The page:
A survey commissioned by the American Medical Association (AMA) and American Heart Association (AHA) revealed many healthcare workers may not receive proper ongoing training regarding their blood measurement skills.
This summer, the two groups polled 2,000 U.S. healthcare workers. Half of physicians and physician assistants said they had not received any re-training on blood pressure measuring after what they learned in school. One-third of nurses and one-quarter of medical assistants said the same. Of those surveyed, half said there should be standardized, required blood pressure measurement training.
“Hypertension is a leading risk factor for heart attacks, strokes, and preventable death in the U.S. Inaccurate blood pressure readings can lead to diagnosis errors, which means getting an accurate reading is vital to treating the condition,” AMA President Patrice A. Harris, MD, MA, said in a statement.
Based on these survey results, the AMA and AHA teamed up to create a new online learning module that provides guideline-recommended training on blood pressure measurement. The groups worked with a healthcare system, two universities, and a national retail clinic chain to test the module’s efficacy.
“We found that the module is extremely useful for providers across all levels of training, from medical assistants through attending physicians. We have no doubt that this will be a practice-changing endeavor,” Debbie Cohen, MD, director of clinical hypertension at the University of Pennsylvania, one of the participating universities, said in a statement.
An article in the December issue of Neurology Alert concerns optimal blood pressure for the secondary prevention of stroke. A group of researchers recently discovered intensive blood pressure lowering tended to reduce stroke recurrence and recommended a target blood pressure that was lower than 130/80 mmHg for secondary stroke prevention.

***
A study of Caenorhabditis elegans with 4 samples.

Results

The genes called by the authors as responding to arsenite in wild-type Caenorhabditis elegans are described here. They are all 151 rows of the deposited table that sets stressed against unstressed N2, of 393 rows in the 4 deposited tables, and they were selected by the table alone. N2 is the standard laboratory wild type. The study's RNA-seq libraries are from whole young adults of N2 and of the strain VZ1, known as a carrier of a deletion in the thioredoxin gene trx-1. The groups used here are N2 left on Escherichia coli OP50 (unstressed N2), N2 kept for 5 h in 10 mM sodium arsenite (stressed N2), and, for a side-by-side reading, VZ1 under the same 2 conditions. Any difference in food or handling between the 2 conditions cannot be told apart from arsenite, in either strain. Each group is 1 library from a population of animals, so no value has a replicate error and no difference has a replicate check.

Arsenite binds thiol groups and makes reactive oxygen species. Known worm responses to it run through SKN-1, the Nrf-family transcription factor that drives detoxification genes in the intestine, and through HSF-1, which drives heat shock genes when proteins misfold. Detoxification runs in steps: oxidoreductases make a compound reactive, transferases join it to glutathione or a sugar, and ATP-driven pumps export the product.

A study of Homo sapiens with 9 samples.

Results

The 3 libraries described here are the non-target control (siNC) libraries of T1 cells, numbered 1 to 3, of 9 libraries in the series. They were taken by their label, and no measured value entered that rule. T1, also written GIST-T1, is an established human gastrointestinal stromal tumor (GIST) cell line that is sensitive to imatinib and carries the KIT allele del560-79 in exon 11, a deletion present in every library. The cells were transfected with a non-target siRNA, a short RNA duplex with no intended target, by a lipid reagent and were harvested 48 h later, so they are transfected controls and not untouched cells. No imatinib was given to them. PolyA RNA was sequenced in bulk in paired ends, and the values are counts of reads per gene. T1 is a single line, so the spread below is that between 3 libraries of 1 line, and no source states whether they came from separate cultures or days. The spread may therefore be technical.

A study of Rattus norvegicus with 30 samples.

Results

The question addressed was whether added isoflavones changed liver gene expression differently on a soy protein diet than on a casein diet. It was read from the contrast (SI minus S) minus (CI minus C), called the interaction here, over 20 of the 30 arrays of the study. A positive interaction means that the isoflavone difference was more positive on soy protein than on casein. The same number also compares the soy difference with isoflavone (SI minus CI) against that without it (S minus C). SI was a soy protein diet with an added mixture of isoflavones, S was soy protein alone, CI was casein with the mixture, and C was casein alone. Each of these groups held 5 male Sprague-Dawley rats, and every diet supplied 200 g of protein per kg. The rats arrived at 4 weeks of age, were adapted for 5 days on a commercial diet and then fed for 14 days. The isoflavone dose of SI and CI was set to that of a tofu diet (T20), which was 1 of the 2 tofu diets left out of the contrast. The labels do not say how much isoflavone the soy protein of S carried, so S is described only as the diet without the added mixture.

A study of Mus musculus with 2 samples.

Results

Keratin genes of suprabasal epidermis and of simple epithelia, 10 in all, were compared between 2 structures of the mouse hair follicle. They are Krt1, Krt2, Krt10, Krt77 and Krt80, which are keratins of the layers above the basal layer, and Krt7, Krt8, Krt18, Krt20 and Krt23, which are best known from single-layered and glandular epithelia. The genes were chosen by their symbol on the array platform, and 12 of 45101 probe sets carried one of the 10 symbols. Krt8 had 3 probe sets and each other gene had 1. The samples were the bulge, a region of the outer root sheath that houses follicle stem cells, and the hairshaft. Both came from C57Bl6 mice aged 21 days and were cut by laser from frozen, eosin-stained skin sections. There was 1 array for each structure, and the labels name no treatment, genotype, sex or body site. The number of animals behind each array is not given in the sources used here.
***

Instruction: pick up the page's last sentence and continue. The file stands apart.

However, Matthew Fink, MD, noted there were problems with these recommendations. For example, the researchers excluded patients 85 years of age and older. Also, they based many of their findings on a meta-analysis and pooled data from other studies. Further, the researchers ended the study early before drawing firm conclusions.
Speaking of older patients, in the October issue of Clinical Cardiology Alert, Michael Crawford, MD, explored the problem of setting strict, uniform blood pressure targets for this cohort. Through a large population study, investigators discovered reducing blood pressure to lower than 140/90 mmHg was associated with increased mortality, and mortality was highest in those older than 80 years of age and previous cardiovascular events.
“The real issue is discovering the driving pressure needed for optimal organ perfusion in the elderly. This probably depends on the individual. Ideally, one would consider the patient’s biological age, comorbidities, and fitness to decide on what should be the optimal blood pressure target,” Crawford wrote. “In patients > 60 years of age, antihypertensive therapy should be more individualized rather than following strict blood pressure targets.”